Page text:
A Nutty Way To ‘Treat’ Your Pets

Dr. John Kaya

Although ‘tis the season to be jolly and generous, we need to be careful when it comes to our pets. Sometimes we can be too giving. The following actually happened and undoubtedly continues to happen in many homes today. Read carefully and take notes, it could save a life (pretty dramatic, huh?).


It was a busy winter morning and our appointments were filled with clients coming in for annual exams and tranquilizers in preparation for the New Year’s fireworks. Because of the holiday season, our break room slowly filled with treats of all kinds: cakes, cookies, candies and yes, unfortunately, calories.

Waiting in the exam room was Sissy, a 4-year-old female Shih Tzu. She came in because Mrs. Campbell thought Sissy walked funny. Sure enough, a physical exam showed Sissy wobbled as if she had one too many glasses of wine. We ran a routine blood test and took some X-rays with hopes of identifying a reason for her “swagger.” As is the case in any challenging medical condition, everything turned out normal.

I reviewed her history with Mrs. Campbell, trying to find any clues as to what was going on. According to Sissy’s owner, Sissy had been very healthy until she woke up that morning. Mrs. Campbell did admit to staying up late at night so that she and Sissy could finish baking five batches of cookies for their family and friends. It was then that I noticed the bag of goodies that Mrs. Campbell had sitting neatly in her lap.

“Is that the fruit of your hard labor?” I asked

“Yes, Doc, this package contains the best macadamia nut cookies on the island. Sissy and I made it just for you and your staff,” beamed Mrs. Campbell. Aha, a clue.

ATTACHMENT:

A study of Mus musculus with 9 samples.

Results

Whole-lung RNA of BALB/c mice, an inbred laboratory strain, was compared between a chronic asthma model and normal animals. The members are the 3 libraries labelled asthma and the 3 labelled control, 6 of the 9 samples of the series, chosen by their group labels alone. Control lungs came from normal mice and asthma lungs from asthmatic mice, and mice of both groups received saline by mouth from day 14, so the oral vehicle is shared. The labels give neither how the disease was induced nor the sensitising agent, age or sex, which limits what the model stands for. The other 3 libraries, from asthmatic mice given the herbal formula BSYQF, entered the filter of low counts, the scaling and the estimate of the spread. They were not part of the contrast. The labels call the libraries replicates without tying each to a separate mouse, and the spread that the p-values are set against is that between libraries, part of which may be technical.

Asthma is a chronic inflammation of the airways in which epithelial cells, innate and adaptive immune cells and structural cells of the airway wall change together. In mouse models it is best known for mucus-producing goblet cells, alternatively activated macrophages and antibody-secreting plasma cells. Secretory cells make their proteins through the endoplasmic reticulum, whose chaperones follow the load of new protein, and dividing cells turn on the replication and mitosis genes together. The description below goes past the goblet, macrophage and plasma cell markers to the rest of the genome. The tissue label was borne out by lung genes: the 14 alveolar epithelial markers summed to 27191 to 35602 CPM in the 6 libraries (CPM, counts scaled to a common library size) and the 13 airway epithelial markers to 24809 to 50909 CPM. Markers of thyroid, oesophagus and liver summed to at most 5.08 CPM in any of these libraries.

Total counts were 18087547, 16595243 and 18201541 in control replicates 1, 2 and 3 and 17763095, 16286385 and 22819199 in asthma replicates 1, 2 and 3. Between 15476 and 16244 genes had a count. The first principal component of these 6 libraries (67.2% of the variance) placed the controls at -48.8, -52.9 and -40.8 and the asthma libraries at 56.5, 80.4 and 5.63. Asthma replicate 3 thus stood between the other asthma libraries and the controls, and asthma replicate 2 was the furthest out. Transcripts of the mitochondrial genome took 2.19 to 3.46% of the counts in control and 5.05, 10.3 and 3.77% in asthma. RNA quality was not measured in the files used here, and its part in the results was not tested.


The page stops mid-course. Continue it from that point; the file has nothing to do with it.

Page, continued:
“By any chance, did you give Sissy any macadamia nuts while you were baking?”

“Oh, of course, Doc, I needed to give momma’s little helper a treat. I don’t think I gave her too much, though.”

Upon further reflection, Mrs. Campbell admitted to giving Sissy about a dozen macadamia nut pieces, although I suspected it still might have been a bit more. I went into great detail concerning the dangers involved with macadamia nut ingestion. After a night of hospitalization and treatment to flush her system of the toxin, Sissy was as good as new.

Weight gain is a common phenomenon during the holiday season. With all the festivities and treats, we can’t help but give in to our temptations. Are animals tempted, too? You bet. Sissy didn’t know that macadamia nuts were bad for her. She just thought, “yummy, more please.”

Be careful when offering food items to your pets. What seems harmless may actually be very dangerous to your furry family member. Even Santa takes a trip to the wild side, so remember, “He knows when you’ve been bad or good, so be good for goodness sake.”

Merry Christmas!

Pet Tip:

Giving table food to your pets can be good for their health, but you need to give them items that are safe. Ask your veterinarian if you’re not sure about the food you’re giving your pet.